Kim Bailey

Kim Bailey insists it is the responsibility of his fellow trainers, and owners, to ensure ex-racehorses are properly cared for throughout their lives.

Bailey, who has trained the winners of all the top National Hunt races in a career stretching over more than 30 years, described the covert footage of abattoirs broadcast by the BBC’s Panorama programme as “horrific” and “horrendous”.

He stressed too, however, it is incumbent on those who own and look after horses in their racing years to do all they can to help provide a safe and comfortable home for them afterwards.

    BHA calls urgent industry meetings on Panorama contentIrish officials claim ‘no inkling’ of horses sent to UK abattoir


The British Horseracing Authority has responded by calling urgent meetings to discuss the troubling issues with industry leaders, including the independently-chaired Horse Welfare Board, and their counterparts at Horse Racing Ireland.

Bailey told Sky Sports Racing: “You can keep refunding and adding more funds as long as you want to – but the end product is it is up to the trainers, I believe, to make sure the horses they have in their own care find a home afterwards whereby they can be looked after and treasured for the rest of their lives.

“I think it’s something trainers need to point out to owners that, when they get involved in racing, they are as responsible as we are to make sure those horses – when they leave racing – have a future.

Racing is beset by financial squabbling and wrangling about prize money and is having a tough time financially, but this is one area it can't afford to neglect

Journalist Paul Hayward

“You just can’t get involved in a horse and say ‘well, actually it’s stopped racing now – I want to get rid of it’.

“They have got to hold on to responsibility themselves. It’s a dual responsibility, from the trainers’ point of view and the owners’ to make sure we look after where horses go after racing.”

Also crucial, Bailey believes, is the administrative infrastructure which allows the movement of ex-racehorses to be properly tracked.

“I think it’s incredibly important,” he said. “We pass on horses on a regular basis – I think we’ve moved on about 20 this summer.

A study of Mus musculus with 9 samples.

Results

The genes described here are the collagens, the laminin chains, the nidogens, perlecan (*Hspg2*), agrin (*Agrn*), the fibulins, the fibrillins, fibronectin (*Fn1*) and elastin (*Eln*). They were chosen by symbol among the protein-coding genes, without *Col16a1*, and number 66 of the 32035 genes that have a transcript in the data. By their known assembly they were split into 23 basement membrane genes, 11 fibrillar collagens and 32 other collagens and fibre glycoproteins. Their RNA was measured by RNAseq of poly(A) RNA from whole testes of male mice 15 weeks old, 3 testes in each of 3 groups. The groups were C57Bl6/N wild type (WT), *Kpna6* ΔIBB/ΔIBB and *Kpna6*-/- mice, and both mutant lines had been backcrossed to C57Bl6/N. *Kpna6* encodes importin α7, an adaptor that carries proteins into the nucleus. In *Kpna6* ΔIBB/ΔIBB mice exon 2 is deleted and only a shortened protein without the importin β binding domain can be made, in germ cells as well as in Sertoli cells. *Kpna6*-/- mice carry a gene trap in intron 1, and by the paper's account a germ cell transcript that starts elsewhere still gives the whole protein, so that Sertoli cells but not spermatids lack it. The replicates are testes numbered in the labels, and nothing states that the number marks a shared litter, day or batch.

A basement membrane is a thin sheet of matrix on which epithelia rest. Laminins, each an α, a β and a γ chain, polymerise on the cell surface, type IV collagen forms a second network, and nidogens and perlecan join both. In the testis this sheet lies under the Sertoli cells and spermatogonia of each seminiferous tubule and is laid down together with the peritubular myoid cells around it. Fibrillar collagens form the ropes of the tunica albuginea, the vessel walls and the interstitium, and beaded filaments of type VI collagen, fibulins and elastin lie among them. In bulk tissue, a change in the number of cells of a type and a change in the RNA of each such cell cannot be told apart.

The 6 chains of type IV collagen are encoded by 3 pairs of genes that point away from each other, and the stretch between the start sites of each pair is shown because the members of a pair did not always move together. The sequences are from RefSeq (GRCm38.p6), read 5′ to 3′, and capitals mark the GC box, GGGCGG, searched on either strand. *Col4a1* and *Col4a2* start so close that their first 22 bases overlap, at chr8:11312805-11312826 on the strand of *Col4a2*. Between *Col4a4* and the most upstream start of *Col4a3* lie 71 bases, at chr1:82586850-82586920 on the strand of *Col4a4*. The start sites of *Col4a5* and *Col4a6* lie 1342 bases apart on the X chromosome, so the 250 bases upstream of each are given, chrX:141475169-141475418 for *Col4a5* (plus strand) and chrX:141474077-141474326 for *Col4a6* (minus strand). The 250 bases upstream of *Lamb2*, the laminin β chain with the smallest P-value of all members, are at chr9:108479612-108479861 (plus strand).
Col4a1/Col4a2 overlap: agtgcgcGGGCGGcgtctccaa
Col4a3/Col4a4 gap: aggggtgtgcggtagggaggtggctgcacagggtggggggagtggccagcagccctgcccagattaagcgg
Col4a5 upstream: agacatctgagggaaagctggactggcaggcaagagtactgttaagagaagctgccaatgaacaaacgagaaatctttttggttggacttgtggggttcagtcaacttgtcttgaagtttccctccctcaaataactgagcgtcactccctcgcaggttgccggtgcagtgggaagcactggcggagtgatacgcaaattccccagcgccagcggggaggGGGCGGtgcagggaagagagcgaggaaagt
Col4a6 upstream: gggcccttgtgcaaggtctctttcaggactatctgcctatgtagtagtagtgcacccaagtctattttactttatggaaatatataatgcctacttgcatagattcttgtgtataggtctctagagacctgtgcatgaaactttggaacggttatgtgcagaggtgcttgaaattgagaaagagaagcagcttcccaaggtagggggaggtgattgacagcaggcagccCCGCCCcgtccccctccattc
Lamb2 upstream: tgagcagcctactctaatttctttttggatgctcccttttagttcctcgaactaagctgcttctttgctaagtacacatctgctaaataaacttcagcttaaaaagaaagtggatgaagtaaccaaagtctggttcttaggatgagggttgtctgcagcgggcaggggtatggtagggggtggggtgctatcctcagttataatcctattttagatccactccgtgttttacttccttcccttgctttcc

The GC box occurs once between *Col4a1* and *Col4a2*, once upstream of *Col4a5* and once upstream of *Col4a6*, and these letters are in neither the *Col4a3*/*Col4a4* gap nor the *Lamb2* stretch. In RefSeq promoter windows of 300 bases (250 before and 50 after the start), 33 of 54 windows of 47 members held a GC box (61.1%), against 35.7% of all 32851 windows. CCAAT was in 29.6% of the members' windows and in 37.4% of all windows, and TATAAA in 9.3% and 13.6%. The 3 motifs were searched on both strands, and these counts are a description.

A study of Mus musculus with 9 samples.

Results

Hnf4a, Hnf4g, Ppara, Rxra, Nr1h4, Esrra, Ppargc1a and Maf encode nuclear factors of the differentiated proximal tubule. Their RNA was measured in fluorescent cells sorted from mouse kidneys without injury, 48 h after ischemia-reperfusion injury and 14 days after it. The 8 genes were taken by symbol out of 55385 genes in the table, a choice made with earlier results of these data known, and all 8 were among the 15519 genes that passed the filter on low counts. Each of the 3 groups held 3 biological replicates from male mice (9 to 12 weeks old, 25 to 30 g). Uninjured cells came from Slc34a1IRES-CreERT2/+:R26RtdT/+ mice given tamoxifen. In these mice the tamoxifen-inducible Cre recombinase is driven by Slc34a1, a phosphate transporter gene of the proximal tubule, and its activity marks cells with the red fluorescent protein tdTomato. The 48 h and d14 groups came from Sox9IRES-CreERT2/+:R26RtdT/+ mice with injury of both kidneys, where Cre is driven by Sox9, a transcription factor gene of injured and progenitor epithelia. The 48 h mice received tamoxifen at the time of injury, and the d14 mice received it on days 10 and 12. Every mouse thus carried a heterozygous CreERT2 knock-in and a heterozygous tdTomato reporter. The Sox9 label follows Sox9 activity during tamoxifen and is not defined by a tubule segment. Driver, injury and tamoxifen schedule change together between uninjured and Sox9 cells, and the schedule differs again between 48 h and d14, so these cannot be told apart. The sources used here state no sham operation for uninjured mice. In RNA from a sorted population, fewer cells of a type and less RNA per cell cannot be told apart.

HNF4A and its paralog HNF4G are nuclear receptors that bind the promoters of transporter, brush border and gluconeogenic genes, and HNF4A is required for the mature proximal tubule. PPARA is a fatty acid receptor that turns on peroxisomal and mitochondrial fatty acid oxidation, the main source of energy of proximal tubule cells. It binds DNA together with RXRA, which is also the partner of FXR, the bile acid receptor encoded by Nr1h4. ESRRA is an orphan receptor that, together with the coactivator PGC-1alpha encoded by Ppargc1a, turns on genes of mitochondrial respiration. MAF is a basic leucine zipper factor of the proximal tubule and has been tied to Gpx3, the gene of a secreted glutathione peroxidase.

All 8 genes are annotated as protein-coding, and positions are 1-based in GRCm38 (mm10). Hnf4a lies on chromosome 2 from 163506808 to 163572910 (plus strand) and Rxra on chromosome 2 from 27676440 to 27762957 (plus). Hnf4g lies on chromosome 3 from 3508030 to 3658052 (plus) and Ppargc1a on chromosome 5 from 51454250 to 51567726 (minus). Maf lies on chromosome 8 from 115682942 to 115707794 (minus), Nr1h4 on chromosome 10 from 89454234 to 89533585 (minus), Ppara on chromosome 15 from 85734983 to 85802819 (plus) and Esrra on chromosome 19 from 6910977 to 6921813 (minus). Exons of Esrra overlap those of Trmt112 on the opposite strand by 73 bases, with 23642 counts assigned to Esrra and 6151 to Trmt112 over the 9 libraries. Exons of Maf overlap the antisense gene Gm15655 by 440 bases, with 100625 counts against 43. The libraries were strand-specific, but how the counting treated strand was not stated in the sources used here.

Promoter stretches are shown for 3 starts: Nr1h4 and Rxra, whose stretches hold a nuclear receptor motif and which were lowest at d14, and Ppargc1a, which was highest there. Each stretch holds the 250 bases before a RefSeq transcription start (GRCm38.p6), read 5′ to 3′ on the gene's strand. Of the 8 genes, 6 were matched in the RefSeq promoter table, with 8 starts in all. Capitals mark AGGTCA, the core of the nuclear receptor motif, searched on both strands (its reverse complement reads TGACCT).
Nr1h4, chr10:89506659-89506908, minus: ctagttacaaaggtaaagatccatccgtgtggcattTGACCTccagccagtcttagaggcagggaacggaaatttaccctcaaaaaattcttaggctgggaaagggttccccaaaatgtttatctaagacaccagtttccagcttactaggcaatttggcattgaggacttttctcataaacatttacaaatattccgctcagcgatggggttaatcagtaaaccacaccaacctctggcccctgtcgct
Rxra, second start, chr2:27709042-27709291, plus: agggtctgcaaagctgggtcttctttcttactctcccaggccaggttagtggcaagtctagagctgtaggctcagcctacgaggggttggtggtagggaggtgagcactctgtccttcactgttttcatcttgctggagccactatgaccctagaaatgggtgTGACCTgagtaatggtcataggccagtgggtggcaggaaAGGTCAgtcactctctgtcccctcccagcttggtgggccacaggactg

“We interview the people who are taking the horse on, [and] we get references from the people who are having them.

“They have to keep in touch with me during the entire time they have the horse. If at any stage during that period they find they can’t cope, for financial reasons or they find the horse is not suitable for them, the horse has to come back here – and then we can try again.”

‘One area racing can’t afford to neglect’

He told Sky Sports Racing: “I don’t think racing can afford to foist it onto the Food Standards Agency, that would be a mistake. It’s not just a Food Standards Agency issue. It’s that age old question about what happens to horses after they stop racing and how are they euthanised, if indeed that is the only option.

“Racing has to be honest about how that system works and how the funding works.

“As a note of caution, I’d say that this programme concentrated on a specific area of this industry. It was distressing in many respects but quite narrow in its focus, specifically a transit line from Irish racing to a UK abattoir, where standards were pretty appalling.”

On racing’s current system for rehoming ex-racehorses, Hayward added: “There is a structure of sorts and lots of well-meaning people making sure that horses are properly dealt with when they stop racing, but when you look at the funding it does look inadequate.

“If you’re going to have a pension system and a whole life care system, which the Horse Welfare Board recommended in its report in March of this year, it’s going to require a lot more money to make sure every horse has a decent pathway, either into a different kind of life or in some cases, unfortunately, an end of life.

“Racing is beset by financial squabbling and wrangling about prize money and is having a tough time financially, but this is one area it can’t afford to neglect.”

‘Tracing should happen everywhere’

Irish sports journalist Daragh O Conchuir believes it is vital to trace where a horse is moved to after finishing their racing career and says no horse should have travelled from Ireland to the UK to be killed.

“If there comes a point when an Irish horse has to be euthanised they certainly shouldn’t be travelling to England,” O Conchuir told Sky Sports Racing.

“If you have a traceability database, as you do for cattle for example, then you know exactly where they’re going. This allows this sort of stuff to happen.


“The technology is there and the majority of horses are looked after really well but you want to do better and better. Take the lessons as they are and apply them down the line.

“Even at 12-years-old, horses are young and have plenty ahead of them. Sports horses can go on competing until 20. The best of them have that competitive urge and they deserve that opportunity.

“[Rehoming] is happening, it is funded, but of course it could get more. Something like this can be negative but maybe it will prompt people to do just a little bit more.”